News & Insights 28 March 2017
The club has been made aware of a recent case of the Indonesian immigration authorities taking a strict approach to enforcement of local visa regulations resulting in significant fines and the deportation of a number of crew.
The club has been made aware of a recent case of the Indonesian immigration authorities taking a strict approach to enforcement of local visa regulations resulting in significant fines and the deportation of a number of crew. This web alert serves as a reminder to members trading to Indonesia of the importance of being aware of Indonesian immigration regulations and ensuring compliance.
Legal advice received from Indonesian lawyers is that:
- Crew who enter Indonesian territory while on duty onboard a vessel are exempted from the obligation to obtain a visa (Article 43 paragraph (2) (c) of Indonesian Law No. 6 of 2011 regarding Immigration ('Immigration Law')).
- However, crew are only allowed to enter Indonesian territory upon receiving an “Entry Stamp” in their passport from the Immigration officer at the Immigration checkpoint (Article 15 paragraph (2) of Government Regulation No. 31 of 2013 regarding Implementing Regulation for Immigration Law ('GR 31/2013')).
- Entry Stamps such as this have the status of a “Visit Stay Permit” (Article 45 paragraph (2) of the Immigration Law).
- Although the law provides that a Visit Stay Permit can be granted to crew for a maximum non-renewable period of sixty (60) days (Article 139(a) of GR 31/2013), in practice, it is very rare for Immigration to grant the maximum 60-days for such a Visit Stay Permit. In some cases Immigration grant the Visit Stay Permit based on the vessel's schedule (for example, if the vessel is scheduled to stay within Indonesian territory for three days, Immigration usually grants a stay permit of four to seven days only). If crew on board remain in Indonesia beyond the period granted, members will be subject to penalties for overstaying.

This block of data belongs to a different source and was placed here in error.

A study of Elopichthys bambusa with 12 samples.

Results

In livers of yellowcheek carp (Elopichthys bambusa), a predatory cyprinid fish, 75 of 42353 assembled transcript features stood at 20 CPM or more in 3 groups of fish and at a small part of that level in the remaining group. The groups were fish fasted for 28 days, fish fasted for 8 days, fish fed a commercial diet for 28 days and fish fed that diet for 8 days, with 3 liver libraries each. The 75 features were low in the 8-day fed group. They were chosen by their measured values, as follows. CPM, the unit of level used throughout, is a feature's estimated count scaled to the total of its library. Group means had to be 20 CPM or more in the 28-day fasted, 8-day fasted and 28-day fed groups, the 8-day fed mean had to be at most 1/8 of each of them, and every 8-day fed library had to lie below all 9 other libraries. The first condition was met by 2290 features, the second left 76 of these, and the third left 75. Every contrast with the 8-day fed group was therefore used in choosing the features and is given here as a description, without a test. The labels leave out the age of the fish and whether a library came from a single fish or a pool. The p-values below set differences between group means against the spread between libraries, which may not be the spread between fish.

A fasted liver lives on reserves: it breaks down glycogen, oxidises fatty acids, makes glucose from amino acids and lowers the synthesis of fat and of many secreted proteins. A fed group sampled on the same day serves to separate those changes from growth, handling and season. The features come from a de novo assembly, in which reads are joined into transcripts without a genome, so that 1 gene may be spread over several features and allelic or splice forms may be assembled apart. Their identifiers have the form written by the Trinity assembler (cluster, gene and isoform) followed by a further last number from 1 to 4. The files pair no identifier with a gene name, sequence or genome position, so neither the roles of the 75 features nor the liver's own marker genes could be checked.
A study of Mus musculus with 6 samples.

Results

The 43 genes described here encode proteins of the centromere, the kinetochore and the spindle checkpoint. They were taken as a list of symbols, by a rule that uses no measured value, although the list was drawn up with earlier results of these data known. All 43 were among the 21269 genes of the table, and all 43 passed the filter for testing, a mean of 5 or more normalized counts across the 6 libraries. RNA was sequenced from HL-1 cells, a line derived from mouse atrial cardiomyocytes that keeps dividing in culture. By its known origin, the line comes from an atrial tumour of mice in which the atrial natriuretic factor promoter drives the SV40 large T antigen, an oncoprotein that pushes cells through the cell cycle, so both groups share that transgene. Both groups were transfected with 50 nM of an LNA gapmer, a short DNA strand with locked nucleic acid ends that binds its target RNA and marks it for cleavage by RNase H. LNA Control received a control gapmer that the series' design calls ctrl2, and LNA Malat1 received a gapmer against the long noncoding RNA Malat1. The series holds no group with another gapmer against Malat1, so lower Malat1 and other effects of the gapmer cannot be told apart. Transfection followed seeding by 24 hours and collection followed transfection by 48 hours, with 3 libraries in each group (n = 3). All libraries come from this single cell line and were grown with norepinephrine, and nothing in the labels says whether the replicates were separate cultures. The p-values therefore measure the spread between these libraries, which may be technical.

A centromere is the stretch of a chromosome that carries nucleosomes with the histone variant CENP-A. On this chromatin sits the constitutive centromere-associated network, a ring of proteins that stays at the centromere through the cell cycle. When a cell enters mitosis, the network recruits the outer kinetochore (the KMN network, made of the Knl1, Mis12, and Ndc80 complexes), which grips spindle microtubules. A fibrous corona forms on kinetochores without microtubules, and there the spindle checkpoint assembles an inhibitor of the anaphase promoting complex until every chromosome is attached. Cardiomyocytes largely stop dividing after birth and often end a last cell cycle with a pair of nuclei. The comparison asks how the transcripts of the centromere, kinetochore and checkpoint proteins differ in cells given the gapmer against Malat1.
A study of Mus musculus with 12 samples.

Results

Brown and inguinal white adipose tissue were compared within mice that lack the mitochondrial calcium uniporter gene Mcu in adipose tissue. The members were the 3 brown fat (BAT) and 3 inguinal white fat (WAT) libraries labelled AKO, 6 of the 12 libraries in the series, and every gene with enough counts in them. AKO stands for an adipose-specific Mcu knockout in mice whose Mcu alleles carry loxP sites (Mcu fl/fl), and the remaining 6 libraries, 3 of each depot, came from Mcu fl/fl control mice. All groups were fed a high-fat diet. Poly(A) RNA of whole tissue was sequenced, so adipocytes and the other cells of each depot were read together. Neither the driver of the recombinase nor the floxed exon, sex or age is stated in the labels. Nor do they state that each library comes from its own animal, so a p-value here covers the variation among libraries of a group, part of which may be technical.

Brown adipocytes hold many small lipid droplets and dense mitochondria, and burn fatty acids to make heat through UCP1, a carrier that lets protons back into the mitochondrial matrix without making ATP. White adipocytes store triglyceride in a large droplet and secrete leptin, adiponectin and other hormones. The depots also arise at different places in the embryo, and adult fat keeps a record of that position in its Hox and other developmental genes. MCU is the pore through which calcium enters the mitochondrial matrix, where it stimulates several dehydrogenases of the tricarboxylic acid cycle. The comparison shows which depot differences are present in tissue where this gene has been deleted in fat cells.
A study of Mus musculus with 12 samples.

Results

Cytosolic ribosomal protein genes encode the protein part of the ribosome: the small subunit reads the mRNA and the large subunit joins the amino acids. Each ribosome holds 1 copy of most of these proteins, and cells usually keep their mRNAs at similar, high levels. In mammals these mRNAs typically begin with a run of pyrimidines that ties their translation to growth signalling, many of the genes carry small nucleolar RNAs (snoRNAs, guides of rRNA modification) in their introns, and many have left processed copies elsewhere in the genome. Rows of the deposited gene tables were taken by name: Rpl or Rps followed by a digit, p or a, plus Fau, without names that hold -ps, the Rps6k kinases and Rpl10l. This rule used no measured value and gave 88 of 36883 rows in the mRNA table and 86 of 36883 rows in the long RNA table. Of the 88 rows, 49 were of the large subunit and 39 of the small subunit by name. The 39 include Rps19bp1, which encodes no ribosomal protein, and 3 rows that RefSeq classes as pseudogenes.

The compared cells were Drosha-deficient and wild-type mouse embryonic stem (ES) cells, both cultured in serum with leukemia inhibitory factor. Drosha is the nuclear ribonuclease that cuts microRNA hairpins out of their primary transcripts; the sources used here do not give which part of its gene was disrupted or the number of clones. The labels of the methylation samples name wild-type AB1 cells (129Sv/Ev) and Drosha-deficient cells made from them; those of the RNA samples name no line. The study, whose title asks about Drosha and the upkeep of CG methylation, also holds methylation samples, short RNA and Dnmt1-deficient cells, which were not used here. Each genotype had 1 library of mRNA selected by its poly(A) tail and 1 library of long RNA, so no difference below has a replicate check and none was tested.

- Although in cases where members are subject to penalties for overstaying the relevant crew are still allowed to stay within Indonesian territory for maximum sixty (60) days from expiry of the Stay Permit, anyone who stays beyond sixty days from expiry will be deported and will be placed on a deterrence list banning the crewmember from re-entering Indonesia again for a specified period (Article 78 of Immigration Law). Indonesian immigration authorities will take a strict approach in enforcing this provision.
Members are reminded to take note of the above legislation in relation to non-extendable Visit Stay Permits granted to crew entering Indonesian waters. It appears that this legislation has been in force for some time, but only recently has Indonesian Immigration become stricter in the enforcement of the law. To avoid penalties, repatriation/substitute expenses and potential delay to the vessel’s departure due to crew overstaying, members should consider taking the following precautions:
- Ask the local agent to check and notify the duration of stay permits given to crew immediately after completion of Immigration clearance. It may be good practice for members to obtain scanned copies of the stamps given by Immigration, and to assign persons in charge to monitor expiry dates.
- Where it becomes apparent that crew will stay within Indonesian waters for an extended period of time and that the duration of the Visit Stay Permit will be insufficient to enable crew to stay legally in Indonesia, members are recommended to check with local agents in advance to explore the feasibility of applying for other types of visa and/or stay permits with a longer duration.
- With regard to additional costs that may be incurred in compliance with Indonesian Immigration Law (such as costs for applying for a visa/stay permit with a longer duration, crew change costs etc.,) members may consider expressly allocating these costs to charterers in the governing charterparty to avoid disputes as to who shall pay.
The full text of the English version of the Immigration Law and GR 31/2013 can be located at the following links here and here.
Should members have any enquiries regarding stay permits granted to crew calling at Indonesian ports, please do not hesitate to approach your usual club contact.